Seeing Cabbage In A Whole New Light

Reader Contribution by Lois Hoffman

For one thing, as I mentioned in a previous article, these fields of cabbage make for a pleasant change of scenery besides the usual soybean and corn fields that are prevalent in the area. Rows of green cabbage interspersed with rows of red are just a downright pretty sight.

Members of the cruciferous family of vegetables are some of the less sexy members of the veggie family. Besides cabbage, this family includes broccoli, Brussels sprouts, cauliflower, horseradish, kale, kohlrabi, radishes, turnips and mustard greens to name a few.

It’s true that many of these stink up the kitchen when they cook, can be bitter if cooked too long, and are known for their gas-causing properties. On the flip side, cruciferous vegetables contain phytochemicals that offer superior health benefits. Studies have concluded that as cruciferous vegetable intake goes up 20 percent in a population, cancer rates drop 40 percent. Cabbage is also thought to be the secret of the everlasting youthfulness of the Chinese people. That’s enough to make me take a second look, or rather, bite.

One of my favorite ways to eat cabbage is in sauerkraut, which literally means “sour cabbage.” Each year on Halloween I always buy a jar of sauerkraut and have with hotdogs. It is just tradition. When I mentioned this to Dick Stose, a friend from Ohio, he guffawed, “You haven’t tasted sauerkraut until you’ve tasted homemade!”

I soon learned he, along with his cousin Mary Mullenhour, was planning to set up in her kitchen and make some. I just had to check this out as I had never seen it made before.

Actually, it seemed pretty simple. They had eight heads of cabbage and washed and chunked it all. Then Mary sliced it while Dick tapped it down and alternated layers of cabbage and salt in two large crocks. I learned that the purpose of tapping it down was to crush the juice out. This liquid becomes its own brine solution.

After the crocks are full, they are covered with a cloth such as cheesecloth that will keep contaminants out but also let air in to help it ferment. A rock or other hard object is placed on top to keep all the cabbage submerged in the juice.

Sometimes you see white scum, bubbles or even a little mold on top. These are all healthy signs of the fermentation process. Fermented kraut contains a lot of the same healthy probiotics that yogurt does. Granted, it sure doesn’t make it look appetizing when it is fermenting!

The local Lutheran church members have been making homemade sauerkraut for their harvest supper for as long as I can remember. This year they cut and sliced a whole pallet of cabbage. All of it was sliced with old-fashioned kraut cutters. Their recipe calls for 3 tablespoons salt for every 5 pounds cabbage. In the end they filled seven 10-gallon crocks. Now 70 gallons of sauerkraut is a lot of kraut but, as they say, when life gives you cabbage you make kraut!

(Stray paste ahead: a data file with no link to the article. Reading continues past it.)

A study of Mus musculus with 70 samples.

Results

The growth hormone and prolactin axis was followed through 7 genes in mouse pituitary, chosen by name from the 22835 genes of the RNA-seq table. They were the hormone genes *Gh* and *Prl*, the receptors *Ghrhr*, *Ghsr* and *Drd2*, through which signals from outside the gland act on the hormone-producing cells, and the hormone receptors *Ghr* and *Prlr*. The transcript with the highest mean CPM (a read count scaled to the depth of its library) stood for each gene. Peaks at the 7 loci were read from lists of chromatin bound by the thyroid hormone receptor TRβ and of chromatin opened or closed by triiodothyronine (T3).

They leave theirs to ferment for five to six weeks. There is no “set” amount of time, it’s all a matter of individual taste.

They serve it the old German way by cooking the bones of fresh hams (not smoked) and then combining the meat with the kraut. As with most harvest dinners, everything is homemade including the mashed potatoes, dinner rolls and pies.

I don’t know about other areas of the country, but no restaurant would dare to compete with the harvest dinners served in this neck of the woods. In addition to the sauerkraut supper, other churches offer Swiss steak, spaghetti and other homemade offerings. What a perfect way to lead up to Thanksgiving.

If you want to try your hand at making sauerkraut but you don’t have crocks or you don’t want 70 gallons, you can try a smaller batch in a Mason jar. Follow the same procedure, only cut the recipe by using only one head of cabbage and 1 1/2 tablespoons salt.

Coleslaw is another way to enjoy cabbage. There are generally two varieties, the vinegar and mayonnaise-based types. I tend to favor the vinegar-based because when the mayonnaise style slaw is left for a period of time it tends to go limp and soggy.

The four basic types of cabbage are the featherweight Napa, round Savoy, classic green, and the purple and white variegated red. Each has its own flavor and texture so combining the different varieties can yield new flavors to old classics.

One of the good traits of cabbage is it lasts in the fridge longer than most vegetables so it doesn’t usually go to waste. It is a cool season crop, which is why our below-average temps this past summer has made it plentiful.

I plan on taking advantage of the bounty. Cabbage offers a whole plethora of possibilities to please the palette while at the same time offering an array of health benefits. This cruciferous veggie and I are going to get along just fine.